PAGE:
Israel: Heroes and Hustlers, Hard Hats and Holy Men

Israel: Heroes and Hustlers, Hard Hats and Holy Men

3.0 1
by Ze'ev Chafets

Editorial Reviews

Library Journal - Library Journal
Chafets, an American-born Israeli journalist who was director of the Israeli Government Press Office (1977-82), has written a wry, perceptive account of his adopted country. Unlike Amos Oz, whose recent In the Land of Israel ( LJ 11/15/83) portrayed a country bereft of idealism and torn apart by extremists, Chafets writes from a positive perspective. While he never minimizes Israel's problems or offers glib solutions, he celebrates the average Israeli's ability to live with myriad contradictions: there is a tennis-playing insurance executive who goes off to war every few months; a prostitute who boasts of her descent from a famous rabbi; a Chinese restaurant and a Talmudic academy in the same building. Chafets's engrossing analysis of Israel belongs in most libraries. Andrea Caron Kempf, Johnson Cty. Community Coll. Lib., Overland Park, Kan.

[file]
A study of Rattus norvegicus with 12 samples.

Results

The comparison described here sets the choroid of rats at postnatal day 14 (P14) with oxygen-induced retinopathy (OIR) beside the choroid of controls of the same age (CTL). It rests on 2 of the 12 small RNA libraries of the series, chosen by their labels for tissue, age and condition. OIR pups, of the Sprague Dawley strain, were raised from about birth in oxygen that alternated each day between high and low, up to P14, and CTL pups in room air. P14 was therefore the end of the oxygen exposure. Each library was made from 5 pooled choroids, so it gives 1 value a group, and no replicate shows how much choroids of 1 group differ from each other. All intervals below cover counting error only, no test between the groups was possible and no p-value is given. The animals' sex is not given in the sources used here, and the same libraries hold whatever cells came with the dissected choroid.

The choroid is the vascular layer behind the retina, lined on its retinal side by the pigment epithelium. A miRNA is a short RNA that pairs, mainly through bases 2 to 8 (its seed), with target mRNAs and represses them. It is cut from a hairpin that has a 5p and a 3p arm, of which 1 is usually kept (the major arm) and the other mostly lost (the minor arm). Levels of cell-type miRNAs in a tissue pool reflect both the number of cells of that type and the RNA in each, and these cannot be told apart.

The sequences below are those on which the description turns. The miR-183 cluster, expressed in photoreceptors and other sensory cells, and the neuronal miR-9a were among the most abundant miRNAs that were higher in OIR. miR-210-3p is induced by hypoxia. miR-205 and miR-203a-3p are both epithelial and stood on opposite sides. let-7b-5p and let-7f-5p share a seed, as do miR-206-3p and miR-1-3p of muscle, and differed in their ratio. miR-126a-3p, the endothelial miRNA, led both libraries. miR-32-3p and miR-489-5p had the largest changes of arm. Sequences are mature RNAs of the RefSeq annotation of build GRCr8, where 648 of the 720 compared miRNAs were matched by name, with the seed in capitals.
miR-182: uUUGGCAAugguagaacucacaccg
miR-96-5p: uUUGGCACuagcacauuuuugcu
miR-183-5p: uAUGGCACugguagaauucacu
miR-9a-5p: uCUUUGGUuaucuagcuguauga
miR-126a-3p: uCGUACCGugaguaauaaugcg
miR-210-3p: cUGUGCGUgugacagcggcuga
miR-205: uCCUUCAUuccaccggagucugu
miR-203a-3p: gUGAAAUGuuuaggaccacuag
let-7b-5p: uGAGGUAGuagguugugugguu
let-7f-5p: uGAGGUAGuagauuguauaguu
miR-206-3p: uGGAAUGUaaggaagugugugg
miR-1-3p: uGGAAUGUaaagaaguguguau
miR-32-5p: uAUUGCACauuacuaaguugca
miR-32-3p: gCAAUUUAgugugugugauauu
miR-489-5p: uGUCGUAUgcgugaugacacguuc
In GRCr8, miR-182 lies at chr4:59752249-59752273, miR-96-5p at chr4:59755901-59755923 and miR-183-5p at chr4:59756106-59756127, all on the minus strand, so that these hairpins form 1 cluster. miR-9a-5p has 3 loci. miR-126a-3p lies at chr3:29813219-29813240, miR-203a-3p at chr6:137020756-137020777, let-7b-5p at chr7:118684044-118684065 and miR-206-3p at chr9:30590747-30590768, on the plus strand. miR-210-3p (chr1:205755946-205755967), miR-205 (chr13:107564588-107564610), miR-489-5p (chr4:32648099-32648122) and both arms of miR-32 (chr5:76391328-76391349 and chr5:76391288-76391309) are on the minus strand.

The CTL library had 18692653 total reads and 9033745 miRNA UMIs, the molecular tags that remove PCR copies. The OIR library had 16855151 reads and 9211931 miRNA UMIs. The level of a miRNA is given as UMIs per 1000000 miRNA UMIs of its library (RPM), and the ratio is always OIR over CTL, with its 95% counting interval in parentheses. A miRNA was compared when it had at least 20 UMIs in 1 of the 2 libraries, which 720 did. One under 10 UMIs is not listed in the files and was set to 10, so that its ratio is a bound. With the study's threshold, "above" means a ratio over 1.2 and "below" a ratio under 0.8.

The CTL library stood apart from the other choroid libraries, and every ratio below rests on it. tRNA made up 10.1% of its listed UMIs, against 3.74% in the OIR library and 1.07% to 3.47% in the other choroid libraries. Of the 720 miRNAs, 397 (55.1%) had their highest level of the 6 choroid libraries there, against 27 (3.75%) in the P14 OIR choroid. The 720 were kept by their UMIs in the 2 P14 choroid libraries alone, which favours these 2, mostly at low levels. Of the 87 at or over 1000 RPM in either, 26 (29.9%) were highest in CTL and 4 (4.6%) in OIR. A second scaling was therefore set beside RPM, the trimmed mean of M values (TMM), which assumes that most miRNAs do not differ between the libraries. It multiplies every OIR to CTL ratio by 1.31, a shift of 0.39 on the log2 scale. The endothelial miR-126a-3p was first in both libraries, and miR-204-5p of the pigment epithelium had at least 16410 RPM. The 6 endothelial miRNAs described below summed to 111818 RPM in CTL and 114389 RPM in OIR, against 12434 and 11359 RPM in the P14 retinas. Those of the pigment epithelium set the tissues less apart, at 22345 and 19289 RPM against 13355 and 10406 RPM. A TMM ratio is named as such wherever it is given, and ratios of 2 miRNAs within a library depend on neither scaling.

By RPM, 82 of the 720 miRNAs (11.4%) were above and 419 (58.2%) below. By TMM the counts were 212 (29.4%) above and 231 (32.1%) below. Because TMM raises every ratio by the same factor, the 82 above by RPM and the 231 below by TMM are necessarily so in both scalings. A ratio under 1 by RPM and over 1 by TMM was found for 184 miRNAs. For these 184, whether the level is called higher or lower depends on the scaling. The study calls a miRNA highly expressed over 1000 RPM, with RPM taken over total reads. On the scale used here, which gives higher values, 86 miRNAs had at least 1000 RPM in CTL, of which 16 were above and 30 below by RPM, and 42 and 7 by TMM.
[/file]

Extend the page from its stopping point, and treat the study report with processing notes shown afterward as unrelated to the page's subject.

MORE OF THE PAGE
1st ed

Guest More than 1 year ago
There are times while reading this book that one feels in the hands of a first-rate middle-east journalist, a la Thomas Friedman. The writing can be colorful, and like Friedman, Chafets is at his best when he reduces historic personages and events into mundane terms. Unlike Friedman, though, Chafets is not an outsider, but an American that made Aliyah some thirty years ago. As a result, his writing has an odd mixture of reverence (especially for the common man of Israeli culture) and disillusionment. He has surely embraced its culture, though, it seems he has yet to choose a side, making the book more superficial than penetrating.